After a long eclipse it was finally re-established, though in a very modified form, by Alfonso Liguori about the middle of the 18th century.
ALFONSO MARIA DEI LIGUORI (1696-1787), saint and doctor of the Church of Rome, was born at Marianella, near Naples, on the 27th of September 1696, being the son of Giuseppe dei Liguori, a Neapolitan noble.
Its members, popularly called Liguorians or Redemptorists, devote themselves to the religious instruction of the poor, more especially in country districts; Liguori specially forbade them to undertake secular educational work.
Liguori is the chief representative of a school of casuistry and devotional theology still abundantly represented within the Roman Church.
Eighteenth-century Italy looked on religion with apathetic indifference, and Liguori convinced himself that only the gentlest and most lenient treatment could win back the alienated laity; hence he was always willing to excuse errors on the side of laxity as due to an excess of zeal in winning over penitents.
Alfonso de Liguori (London, 1857), and art.
The chief of these congregations are the Passionists (founded by St John of the Cross, 1725) and the Redemptorists (founded by St Alfonsus Liguori, 1749), both dedicated to giving missions and retreats.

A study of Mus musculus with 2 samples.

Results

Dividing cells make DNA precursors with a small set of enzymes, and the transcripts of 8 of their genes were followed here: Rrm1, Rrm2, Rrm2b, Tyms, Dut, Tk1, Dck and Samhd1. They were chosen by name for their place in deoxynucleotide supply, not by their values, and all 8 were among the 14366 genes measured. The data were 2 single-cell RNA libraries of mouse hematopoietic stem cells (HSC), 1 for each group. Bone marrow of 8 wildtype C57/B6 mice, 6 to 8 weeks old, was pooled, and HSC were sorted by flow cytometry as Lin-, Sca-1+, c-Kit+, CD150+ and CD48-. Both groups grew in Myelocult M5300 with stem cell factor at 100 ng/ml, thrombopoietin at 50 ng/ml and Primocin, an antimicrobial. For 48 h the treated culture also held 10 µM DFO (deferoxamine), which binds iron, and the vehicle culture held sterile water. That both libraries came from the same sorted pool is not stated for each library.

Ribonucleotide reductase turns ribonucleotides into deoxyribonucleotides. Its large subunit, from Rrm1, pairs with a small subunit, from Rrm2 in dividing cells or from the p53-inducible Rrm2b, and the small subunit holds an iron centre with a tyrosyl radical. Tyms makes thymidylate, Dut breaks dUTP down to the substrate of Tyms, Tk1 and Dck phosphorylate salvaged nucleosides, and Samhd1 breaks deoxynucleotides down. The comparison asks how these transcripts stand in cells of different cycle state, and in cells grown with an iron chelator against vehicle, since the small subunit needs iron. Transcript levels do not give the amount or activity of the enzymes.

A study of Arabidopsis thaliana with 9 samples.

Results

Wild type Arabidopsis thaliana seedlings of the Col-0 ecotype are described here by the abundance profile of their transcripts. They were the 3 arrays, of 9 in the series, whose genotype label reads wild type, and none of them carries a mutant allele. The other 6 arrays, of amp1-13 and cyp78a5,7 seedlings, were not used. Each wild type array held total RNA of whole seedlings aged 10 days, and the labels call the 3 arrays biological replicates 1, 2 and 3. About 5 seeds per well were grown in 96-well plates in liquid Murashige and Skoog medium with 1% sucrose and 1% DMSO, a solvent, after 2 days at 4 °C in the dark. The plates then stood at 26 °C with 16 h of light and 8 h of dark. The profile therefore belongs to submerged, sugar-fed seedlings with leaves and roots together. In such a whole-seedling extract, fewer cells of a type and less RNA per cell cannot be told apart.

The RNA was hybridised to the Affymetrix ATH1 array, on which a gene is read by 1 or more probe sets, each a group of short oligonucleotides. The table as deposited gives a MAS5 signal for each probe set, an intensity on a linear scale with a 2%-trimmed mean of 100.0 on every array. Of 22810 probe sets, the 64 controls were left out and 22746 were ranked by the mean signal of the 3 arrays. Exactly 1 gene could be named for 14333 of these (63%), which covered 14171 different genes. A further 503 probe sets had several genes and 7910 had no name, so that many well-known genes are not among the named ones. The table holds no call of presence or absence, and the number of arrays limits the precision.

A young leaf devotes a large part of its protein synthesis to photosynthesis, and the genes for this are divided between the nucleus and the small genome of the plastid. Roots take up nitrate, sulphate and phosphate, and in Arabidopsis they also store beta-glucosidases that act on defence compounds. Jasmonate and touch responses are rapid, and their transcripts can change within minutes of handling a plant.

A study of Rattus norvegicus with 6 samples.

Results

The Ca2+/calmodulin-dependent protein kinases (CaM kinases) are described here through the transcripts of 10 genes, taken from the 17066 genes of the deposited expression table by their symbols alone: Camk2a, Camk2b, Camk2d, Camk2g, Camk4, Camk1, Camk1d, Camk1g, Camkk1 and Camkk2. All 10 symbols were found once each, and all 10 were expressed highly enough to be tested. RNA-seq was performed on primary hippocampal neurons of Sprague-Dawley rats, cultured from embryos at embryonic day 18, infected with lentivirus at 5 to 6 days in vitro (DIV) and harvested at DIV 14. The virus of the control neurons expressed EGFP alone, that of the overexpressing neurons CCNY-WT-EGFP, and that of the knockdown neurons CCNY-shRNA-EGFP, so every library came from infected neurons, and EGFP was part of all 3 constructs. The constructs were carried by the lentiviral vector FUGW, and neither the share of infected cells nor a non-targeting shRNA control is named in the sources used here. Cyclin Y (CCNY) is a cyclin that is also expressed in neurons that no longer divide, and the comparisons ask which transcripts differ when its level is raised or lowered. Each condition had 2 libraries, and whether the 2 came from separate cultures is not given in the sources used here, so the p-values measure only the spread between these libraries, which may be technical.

Spain was utterly dumb; Italian fervour could only boast the foundation of two small orders of popular preachers - the Passionists (1737), and the Redemptorists, instituted in 1732 by St Alfonso Liguori, who also won for himself a dubious reputation on the unsavoury field of casuistry.
He held monks strictly to the performance of their vows; took care to satisfy himself of the fitness of candidates for bishoprics; enjoined regular catechetical instruction, greater simplicity in preaching, and greater reverence in worship. The moral teaching of the Jesuits incurred his condemnation (1679) (see Liguori), an act which the society never forgave, and which it partially revenged by forcing, through the Inquisition, the condemnation of the quietistic doctrines of Molinos (1687), for which Innocent entertained some sympathy (see MoLINOs).